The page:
Vericast pizza preference

According to research conducted by San Antonio-based Vericast, about 40 percent of consumers have no preference when choosing a pizza place, and due to inflation, 13 percent of recent pizza restaurant guests are opting for frozen or non-restaurant pizza.

“Based on sales and traffic numbers, some believe the big four pizza brands (Dominos, Pizza Hut, Papa John’s and Little Caesars) are consumers’ first pick, but when we dig a little deeper, we found that the top choice is actually no preference,” said Dana Baggett, client strategy director, restaurant division at Vericast.

“This lack of preference and loyalty means consumers can be swayed to change brands with incentives.”

With inflation top of mind, consumers are more price conscious and grocery stores are elevating their pizza incentives. Over the past two years, retailers have increased their frozen pizza brand promotions 214 percent and consumers have noticed.

In a typical week, 43 percent of recent pizza restaurant guests purchased frozen pizza. This swing to at-home pizza options is further evidenced by a 11 percent growth in frozen pizza sales over the last year. As a result, retailers are cashing in, boosting share and wallet.

“The pizza battle is on, and grocery stores are winning,” Baggett said.

“Consumers are shifting to at-home pizza, resulting in the big four pizza players losing 3 percent share of wallet compared to same time last year, according to Numerator. If they convert just 5 percent of their guests who purchase frozen pizza each month, they could earn roughly $500 million collectively. Brands who deliver targeted offers across digital and print channels will win loyalty and business.”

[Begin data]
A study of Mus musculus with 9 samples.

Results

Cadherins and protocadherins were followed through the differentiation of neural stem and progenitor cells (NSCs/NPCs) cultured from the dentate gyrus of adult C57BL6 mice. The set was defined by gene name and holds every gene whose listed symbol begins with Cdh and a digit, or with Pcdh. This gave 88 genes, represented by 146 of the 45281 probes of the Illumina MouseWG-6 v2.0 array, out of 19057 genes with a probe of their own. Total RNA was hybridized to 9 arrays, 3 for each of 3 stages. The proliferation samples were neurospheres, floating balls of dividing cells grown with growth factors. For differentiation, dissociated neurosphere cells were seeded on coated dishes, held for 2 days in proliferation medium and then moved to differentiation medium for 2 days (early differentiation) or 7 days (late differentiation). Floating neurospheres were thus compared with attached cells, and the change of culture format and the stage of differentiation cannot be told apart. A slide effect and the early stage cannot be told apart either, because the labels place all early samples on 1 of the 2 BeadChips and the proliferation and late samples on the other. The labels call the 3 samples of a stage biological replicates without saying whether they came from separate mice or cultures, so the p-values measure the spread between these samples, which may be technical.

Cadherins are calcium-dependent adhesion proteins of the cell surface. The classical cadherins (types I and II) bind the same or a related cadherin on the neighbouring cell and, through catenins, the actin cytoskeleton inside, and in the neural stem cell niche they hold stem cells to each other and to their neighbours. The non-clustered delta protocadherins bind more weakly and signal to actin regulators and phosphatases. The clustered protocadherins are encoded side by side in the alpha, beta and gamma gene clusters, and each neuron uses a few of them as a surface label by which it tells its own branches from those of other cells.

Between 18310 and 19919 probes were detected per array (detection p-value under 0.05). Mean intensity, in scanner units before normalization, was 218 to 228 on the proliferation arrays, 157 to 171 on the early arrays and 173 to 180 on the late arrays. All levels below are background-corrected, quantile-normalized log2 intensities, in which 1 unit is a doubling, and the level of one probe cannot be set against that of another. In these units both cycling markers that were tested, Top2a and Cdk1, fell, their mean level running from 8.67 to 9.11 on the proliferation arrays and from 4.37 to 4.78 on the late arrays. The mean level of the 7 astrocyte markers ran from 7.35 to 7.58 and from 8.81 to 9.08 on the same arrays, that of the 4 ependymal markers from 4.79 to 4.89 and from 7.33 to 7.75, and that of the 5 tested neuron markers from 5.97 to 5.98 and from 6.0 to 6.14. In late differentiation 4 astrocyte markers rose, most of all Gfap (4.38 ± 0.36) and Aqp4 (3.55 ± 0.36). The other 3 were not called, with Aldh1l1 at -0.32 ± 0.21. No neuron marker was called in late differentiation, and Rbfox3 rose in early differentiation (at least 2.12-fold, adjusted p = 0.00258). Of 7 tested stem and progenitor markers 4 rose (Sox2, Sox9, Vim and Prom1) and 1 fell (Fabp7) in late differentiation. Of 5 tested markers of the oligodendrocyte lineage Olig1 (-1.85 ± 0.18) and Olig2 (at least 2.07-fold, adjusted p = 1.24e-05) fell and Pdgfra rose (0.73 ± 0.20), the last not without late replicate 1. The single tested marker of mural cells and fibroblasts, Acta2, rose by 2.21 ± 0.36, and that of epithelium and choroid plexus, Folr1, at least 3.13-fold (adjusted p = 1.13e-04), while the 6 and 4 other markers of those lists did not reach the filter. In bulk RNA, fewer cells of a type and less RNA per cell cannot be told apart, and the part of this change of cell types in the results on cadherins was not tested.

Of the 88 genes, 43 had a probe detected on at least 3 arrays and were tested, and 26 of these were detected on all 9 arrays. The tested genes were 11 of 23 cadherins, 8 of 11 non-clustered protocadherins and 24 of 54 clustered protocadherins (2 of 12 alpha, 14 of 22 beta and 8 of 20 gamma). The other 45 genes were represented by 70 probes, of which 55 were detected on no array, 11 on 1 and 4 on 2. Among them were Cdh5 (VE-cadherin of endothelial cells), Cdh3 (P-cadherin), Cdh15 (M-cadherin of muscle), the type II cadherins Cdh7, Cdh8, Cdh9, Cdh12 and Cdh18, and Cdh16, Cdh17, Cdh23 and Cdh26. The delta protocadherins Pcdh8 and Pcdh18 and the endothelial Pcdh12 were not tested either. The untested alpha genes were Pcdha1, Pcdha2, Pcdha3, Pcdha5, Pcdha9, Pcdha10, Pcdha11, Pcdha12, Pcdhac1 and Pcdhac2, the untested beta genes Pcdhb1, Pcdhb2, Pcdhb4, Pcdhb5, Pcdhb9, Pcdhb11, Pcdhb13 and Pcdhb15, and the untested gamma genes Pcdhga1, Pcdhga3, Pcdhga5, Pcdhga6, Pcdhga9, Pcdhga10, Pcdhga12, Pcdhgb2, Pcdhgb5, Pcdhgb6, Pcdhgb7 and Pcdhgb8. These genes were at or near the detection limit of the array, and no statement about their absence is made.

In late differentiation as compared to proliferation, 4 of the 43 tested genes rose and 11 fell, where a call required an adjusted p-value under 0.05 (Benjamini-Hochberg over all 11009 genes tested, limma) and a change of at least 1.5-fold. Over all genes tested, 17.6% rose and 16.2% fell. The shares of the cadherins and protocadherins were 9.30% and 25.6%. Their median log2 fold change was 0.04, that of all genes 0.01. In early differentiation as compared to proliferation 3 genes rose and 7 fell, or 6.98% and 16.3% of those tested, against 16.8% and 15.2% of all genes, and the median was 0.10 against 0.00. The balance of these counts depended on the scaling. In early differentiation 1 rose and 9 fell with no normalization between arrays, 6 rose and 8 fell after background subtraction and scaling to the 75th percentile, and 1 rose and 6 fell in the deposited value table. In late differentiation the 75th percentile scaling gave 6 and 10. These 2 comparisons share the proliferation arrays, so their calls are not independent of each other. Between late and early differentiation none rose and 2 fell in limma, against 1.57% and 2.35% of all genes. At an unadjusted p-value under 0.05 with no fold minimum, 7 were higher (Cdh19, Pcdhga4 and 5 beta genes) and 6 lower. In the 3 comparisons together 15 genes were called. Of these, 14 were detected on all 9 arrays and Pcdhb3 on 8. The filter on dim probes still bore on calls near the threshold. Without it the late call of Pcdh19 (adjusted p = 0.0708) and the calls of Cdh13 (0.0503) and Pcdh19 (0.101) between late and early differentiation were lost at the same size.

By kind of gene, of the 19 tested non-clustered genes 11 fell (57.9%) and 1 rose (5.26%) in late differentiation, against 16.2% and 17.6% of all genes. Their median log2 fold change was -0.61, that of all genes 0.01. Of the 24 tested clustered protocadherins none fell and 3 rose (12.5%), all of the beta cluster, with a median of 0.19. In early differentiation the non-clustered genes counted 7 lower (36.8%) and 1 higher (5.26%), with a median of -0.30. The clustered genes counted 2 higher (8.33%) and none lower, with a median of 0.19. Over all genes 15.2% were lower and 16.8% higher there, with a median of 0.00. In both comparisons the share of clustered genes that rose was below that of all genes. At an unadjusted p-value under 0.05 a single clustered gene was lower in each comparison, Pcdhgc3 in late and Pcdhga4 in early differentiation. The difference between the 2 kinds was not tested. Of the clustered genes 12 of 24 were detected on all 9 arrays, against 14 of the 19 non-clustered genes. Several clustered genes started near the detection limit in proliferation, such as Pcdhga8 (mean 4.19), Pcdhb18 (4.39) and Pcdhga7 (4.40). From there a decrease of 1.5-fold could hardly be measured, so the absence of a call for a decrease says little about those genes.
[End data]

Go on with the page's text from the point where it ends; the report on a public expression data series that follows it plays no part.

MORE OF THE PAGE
Rising prices continue to affect consumers. Vericast’s 2023 Restaurant TrendWatch report, which surveyed 2,000 adults in the U.S. to assess shifting consumer behavior, found about half are eating out less often due to inflation. In addition, 18 percent of consumers are opting for less expensive brands of pizza or restaurants. This behavior increases among frequent pizza restaurant customers – those that order from restaurants once a week or more – with 25 percent selecting less expensive options.

Other key report findings include:

  • Consumers weigh their options as eating out becomes more expensive:
    • Most consumers (64 percent) surveyed agree rising prices are making restaurant dining too expensive. However, 41 percent of those surveyed note that with food prices rising at grocery stores, it is not necessarily cheaper to eat at home.
    • As a result, consumers are trading down and looking for deals. Half say coupons and discounts help them choose between restaurants, and these same savings can entice 53 percent of consumers to try a new restaurant.
    • This presents an opportunity for pizza brands – and grocers and restaurants alike – to offer incentives to be top of mind when hunger strikes.
  • Brands can win customers with coupons and loyalty rewards:
    • Forty-two percent of those that order from restaurants once a week or more use “Save Direct Mail” to decide where to dine, and about 80 percent say they spend more at a restaurant when they have a coupon or discount.
    • Fifty-eight percent of frequent pizza consumers said that in the past 30 days a coupon or discount changed where they decided to dine or order.
    • If a restaurant does not reward loyalty with coupons and discounts, consumers will switch to one that does. This has increased since 2021, driven by a nine-percentage-point increase among Gen Z consumers.